Silver Spring, MD
I attended the Education Opportunities for Veterans with Disabilities Workshop today at the Walter Reed Army Medical Center sponsored by the University of Pittsburgh. We had some really good discussions about what can be done, what needs to be done, and how far we need to go to get it done.
We were given a tour of the rehabilitation wing of the hospital where they work with amputees. I was impressed with the level of care our veterans are receiving, the technology that is being used in both rehab and prosthetics, and especially in the care and concern given by the staff. Many steps have been taken to reduce the administrative burden on the warriors. I must admit that I was glad to be there as a visitor rather than as a patient though!
I have heard of late that some people are not referring to disabled or handicapped people as disabled but rather as differently-abled. While some it might sound as too much political correctness, I assure you, the people I met in the hospital and on the panel, do not consider themselves disabled. They have real injuries including traumatic brain injuries, post-traumatic stress disorder, and even some amputations, but they all seemed to have a can-do attitude. Without a doubt, they have some hurdles to overcome but these people can do it. That is what I love about military people–the difficult will be done today, the impossible will be done by tomorrow.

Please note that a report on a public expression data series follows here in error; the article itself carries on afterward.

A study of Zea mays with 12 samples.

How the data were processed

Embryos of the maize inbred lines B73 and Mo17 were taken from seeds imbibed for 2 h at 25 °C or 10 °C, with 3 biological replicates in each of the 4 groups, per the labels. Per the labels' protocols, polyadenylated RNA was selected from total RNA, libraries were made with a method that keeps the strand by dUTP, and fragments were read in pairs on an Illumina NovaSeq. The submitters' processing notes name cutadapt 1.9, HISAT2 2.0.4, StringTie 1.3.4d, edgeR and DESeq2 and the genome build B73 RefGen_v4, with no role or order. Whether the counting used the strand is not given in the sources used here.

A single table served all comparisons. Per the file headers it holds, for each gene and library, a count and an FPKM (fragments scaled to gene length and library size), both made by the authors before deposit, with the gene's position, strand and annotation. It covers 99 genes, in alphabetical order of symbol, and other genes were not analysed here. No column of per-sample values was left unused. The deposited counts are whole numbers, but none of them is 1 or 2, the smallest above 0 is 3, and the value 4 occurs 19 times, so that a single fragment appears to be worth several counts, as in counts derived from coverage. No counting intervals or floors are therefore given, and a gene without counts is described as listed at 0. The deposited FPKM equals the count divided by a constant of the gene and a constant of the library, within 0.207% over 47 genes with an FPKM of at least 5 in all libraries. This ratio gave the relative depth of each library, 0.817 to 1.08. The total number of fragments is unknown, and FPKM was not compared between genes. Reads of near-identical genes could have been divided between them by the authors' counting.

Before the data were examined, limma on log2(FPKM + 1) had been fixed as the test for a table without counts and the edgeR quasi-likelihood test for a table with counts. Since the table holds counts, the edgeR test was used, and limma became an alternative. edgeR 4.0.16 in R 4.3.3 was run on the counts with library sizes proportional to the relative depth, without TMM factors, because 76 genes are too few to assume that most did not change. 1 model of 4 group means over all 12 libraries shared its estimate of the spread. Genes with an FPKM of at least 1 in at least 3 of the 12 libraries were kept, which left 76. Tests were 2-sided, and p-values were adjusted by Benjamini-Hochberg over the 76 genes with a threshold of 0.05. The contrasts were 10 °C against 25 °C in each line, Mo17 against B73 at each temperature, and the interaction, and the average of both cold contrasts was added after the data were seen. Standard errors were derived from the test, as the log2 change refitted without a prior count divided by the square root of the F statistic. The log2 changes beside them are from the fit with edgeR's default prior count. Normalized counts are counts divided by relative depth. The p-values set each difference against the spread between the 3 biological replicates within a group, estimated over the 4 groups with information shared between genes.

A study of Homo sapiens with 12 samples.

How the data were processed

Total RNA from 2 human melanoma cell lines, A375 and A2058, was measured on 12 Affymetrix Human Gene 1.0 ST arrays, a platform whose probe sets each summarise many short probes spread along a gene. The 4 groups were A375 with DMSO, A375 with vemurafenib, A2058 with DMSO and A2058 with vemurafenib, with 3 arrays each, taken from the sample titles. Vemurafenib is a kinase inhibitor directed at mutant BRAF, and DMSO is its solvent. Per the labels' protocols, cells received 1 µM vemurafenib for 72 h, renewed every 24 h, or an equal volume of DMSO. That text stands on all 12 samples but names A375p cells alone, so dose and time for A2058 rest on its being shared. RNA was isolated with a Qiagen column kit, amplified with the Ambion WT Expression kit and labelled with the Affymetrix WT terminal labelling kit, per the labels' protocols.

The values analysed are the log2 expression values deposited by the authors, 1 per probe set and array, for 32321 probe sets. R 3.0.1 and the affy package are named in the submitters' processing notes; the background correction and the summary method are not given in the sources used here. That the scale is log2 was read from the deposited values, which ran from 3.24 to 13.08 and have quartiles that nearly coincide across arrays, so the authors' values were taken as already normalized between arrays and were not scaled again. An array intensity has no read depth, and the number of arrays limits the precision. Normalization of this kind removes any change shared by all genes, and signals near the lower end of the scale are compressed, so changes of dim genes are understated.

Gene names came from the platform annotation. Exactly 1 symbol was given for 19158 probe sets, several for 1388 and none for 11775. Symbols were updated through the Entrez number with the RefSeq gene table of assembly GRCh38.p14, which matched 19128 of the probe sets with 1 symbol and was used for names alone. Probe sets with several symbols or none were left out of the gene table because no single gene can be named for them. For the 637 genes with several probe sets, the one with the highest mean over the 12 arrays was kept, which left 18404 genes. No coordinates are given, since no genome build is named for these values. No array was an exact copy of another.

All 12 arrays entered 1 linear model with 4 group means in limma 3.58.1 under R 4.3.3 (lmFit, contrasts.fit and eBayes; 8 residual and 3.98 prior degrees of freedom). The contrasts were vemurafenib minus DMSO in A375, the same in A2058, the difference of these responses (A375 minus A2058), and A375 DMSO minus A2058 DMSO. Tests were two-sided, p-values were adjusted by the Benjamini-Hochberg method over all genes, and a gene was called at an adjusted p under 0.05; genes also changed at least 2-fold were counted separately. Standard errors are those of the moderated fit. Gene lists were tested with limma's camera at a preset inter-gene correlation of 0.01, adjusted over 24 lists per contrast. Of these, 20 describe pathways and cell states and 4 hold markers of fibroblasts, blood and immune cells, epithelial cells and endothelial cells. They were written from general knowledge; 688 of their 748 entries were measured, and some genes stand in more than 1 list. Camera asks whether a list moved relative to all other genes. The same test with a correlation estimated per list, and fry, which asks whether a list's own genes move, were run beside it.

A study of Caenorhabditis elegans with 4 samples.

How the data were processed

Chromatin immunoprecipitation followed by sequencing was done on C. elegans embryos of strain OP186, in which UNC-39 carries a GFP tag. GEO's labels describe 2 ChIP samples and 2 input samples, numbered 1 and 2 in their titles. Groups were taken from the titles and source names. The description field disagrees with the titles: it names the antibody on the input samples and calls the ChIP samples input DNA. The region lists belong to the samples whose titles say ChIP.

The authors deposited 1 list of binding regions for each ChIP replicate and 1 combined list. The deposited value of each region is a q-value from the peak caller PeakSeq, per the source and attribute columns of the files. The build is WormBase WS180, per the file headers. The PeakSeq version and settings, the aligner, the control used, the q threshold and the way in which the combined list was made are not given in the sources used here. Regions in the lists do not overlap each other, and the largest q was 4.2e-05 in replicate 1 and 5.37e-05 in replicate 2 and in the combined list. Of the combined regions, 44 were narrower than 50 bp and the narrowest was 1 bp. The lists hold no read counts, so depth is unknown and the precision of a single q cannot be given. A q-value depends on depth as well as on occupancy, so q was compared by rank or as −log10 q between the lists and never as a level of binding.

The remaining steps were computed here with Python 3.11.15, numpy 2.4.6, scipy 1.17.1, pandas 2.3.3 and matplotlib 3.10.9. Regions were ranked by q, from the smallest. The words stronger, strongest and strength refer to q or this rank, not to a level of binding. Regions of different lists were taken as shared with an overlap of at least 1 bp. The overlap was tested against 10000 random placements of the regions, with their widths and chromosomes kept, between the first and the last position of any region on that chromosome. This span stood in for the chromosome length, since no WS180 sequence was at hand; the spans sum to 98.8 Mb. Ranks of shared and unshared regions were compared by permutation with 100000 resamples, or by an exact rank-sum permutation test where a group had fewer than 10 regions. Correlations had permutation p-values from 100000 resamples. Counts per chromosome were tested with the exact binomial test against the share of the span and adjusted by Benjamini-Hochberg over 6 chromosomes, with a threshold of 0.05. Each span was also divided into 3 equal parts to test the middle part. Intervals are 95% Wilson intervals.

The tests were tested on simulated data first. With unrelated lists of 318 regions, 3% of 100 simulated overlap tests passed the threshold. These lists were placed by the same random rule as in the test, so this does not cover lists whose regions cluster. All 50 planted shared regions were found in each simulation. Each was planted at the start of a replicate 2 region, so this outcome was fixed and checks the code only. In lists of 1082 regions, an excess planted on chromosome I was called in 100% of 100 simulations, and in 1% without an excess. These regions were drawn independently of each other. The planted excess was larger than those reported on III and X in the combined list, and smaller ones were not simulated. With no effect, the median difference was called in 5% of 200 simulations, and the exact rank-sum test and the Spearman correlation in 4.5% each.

It was also heartening to see technology being used to positively impact someone’s life in a very direct way. The computer simulation systems to help amputees learn to walk and balance to the technology to help them drive a car to the simulation system that allows them to fire weapons and regain their confidence is what engineering is all about.
Now, an early flight in the morning to get back home.